Wednesday, 14 April 2010

The Fool's Girl by Celia Rees

April 2010 (out now) Bloomsbury
320 pages, Hardback
Review Copy

Historical, perhaps YA

Cushions: 3
Daggers: 1
Smiles: 3
Tissues: 2
Yunaleska's recommended rating: ♥♥♥♥

Summary from Bloomsbury

Violetta and Feste have come to London to rescue the holy relics taken from the church in Illyria by the evil Malvolio. Their journey has been long and their adventures many, but it is not until they meet the playwright William Shakespeare that they get to tell the entire story from beginning to end!

But where will this remarkable tale ultimately lead Violetta and her companion? And will they manage to save themselves, and the relics from the very evil intentions of Malvolio.

Before reading this book, I didn't think much about what Shakespeare's life was like. I knew he wrote plays, but that was about it (I studied a few of them at school). I loved the insight into this world. The dangers he faced, the uncertainty over whether people would like his plays or not. I learned a fair bit about how plays were put on in the past, the advantages and disadvantages of tours. I liked learning about more about the 17th century, a bonus of reading historicals (although I realise some details may be tweaked and/or fabricated). I liked how his life was tied up with Violetta's, the heroine of the tale.

Violetta has certainly lived an interesting life. Never a dull moment, my heart was in my mouth when I read her pov. And not just hers - I came to love the other characters as much as Violetta. They take risks to keep her safe. The relationship between herself and Stephano isn't overly done - it's actually quite sweet. It wasn't the primary reason why I enjoyed the book, yet it did further my enjoyment. I haven't read many books where the heroine is an actress. This career path was able to keep Violetta safe (for a while) from her enemies. Who are pretty scary, and had me wanting to hide behind a cushion at a few points of the obok.

One good twist about the book was that there were several povs told in first person, then an overall narration told in third person. It might sound a bit confusing, but it worked smoothly for me. It means that the reader gets a complete picture of the story and can watch as various plot lines cross paths, tangle up, and eventually merge at the end of the story.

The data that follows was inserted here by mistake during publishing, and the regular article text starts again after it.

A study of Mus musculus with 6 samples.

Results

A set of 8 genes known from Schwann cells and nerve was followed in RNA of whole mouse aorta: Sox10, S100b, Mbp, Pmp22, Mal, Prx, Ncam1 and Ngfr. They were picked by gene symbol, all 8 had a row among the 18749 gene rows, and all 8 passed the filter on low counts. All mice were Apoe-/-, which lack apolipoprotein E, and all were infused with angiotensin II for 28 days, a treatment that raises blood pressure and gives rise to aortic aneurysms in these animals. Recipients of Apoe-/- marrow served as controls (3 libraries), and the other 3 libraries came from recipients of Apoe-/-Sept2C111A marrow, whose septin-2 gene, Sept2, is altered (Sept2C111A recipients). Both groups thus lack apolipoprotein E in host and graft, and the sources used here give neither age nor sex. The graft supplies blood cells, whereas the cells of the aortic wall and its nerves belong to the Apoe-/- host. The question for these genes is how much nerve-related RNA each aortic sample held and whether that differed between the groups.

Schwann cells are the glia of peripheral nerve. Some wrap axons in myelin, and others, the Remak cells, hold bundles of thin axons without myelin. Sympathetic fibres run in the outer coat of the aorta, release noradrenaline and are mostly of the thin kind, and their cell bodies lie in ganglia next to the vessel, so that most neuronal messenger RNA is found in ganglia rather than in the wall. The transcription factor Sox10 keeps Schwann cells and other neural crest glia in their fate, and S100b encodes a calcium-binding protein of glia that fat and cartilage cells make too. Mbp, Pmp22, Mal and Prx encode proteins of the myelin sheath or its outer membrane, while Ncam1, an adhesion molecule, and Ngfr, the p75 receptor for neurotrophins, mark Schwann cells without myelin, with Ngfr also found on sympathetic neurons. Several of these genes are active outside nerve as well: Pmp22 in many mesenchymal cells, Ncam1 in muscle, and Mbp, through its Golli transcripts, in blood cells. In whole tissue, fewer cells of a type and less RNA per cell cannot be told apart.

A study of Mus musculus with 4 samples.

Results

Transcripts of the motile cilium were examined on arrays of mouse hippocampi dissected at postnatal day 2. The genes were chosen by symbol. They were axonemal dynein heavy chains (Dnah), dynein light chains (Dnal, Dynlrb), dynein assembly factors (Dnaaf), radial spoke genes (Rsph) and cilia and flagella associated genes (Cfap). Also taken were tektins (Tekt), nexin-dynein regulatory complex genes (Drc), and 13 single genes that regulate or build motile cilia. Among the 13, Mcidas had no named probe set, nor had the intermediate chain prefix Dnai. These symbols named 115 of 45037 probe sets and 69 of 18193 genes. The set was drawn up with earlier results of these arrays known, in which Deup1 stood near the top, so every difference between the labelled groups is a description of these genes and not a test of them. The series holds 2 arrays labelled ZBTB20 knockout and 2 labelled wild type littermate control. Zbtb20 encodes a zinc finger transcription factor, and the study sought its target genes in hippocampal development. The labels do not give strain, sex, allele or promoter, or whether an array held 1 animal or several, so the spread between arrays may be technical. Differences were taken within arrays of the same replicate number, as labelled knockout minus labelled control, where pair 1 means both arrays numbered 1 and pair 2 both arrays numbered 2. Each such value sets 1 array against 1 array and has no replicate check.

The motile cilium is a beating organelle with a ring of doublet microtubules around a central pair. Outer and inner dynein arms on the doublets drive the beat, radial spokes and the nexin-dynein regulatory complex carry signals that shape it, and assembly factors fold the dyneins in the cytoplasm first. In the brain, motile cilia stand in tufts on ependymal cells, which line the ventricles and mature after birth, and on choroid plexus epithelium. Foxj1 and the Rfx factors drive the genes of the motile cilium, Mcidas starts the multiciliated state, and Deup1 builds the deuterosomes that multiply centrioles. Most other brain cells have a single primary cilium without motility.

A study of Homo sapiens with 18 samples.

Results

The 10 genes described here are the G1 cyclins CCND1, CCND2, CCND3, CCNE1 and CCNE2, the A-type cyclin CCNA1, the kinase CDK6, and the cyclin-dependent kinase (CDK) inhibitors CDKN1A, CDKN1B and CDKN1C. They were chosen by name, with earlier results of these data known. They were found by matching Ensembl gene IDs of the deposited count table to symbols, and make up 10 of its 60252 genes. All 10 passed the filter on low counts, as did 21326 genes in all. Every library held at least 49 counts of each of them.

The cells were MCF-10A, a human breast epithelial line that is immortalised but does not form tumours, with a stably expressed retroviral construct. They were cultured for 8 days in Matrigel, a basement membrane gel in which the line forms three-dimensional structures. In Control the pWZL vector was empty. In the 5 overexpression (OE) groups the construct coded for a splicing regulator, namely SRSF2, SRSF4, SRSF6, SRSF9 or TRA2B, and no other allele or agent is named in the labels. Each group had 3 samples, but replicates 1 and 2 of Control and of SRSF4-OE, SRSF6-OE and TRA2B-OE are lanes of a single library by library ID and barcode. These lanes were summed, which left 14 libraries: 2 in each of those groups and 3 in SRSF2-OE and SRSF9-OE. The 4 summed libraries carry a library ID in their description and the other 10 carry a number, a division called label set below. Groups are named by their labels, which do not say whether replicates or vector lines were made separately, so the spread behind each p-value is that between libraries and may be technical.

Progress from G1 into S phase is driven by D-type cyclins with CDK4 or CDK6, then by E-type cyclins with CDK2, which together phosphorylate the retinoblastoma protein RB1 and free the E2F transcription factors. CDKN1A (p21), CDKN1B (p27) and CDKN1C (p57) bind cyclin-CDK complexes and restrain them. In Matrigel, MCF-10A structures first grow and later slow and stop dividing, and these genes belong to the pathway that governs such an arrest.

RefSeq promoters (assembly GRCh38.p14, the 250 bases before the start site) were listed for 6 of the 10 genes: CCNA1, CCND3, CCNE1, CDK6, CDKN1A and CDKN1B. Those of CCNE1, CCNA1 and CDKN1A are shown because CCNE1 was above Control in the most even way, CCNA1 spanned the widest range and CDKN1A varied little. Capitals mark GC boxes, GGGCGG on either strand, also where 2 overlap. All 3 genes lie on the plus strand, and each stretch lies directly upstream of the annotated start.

My only small grumble about the book is that it didn't quite have the edge for me. The edge which gave Sovay a top rating. I can't pin point exactly what I wasn't fond of, there's just something which has me thinking 'oh'. I still recommend this book as a great read.

Celia can be found on her website.

Make sure you check out Celia Rees' Sovay


Book Monster said...

oooh I love the bio & cover XD And you review makes it sound awesome. Many 1st person point of views & third person 0_0 but it was complete!! Wow, I must see this done. I'll definitely be checking this book out XD

Becky said...

I'm pretty sure I'm going to read this next. I love books that are told from more than one POV and I like the idea that a third person narration pulls them together. I haven't read Sovay so maybe I will enjoy this to the max.

Iffath♥Ahmed said...

Great review! The cover is stunning! I have a copy of this, but I don't know if I can read it, I couldn't get into the first few pages, so I've been putting it off for a while..I think I'll definitely picking it back up though! ;)

Nayuleska said...

Iffath - I confess that probably initially I thought 'huh?' but read on!

Nayuleska said...

Thanks everyone! I'd definitely recommend sticking through the first few pages, it makes sense quite quickly with the different views.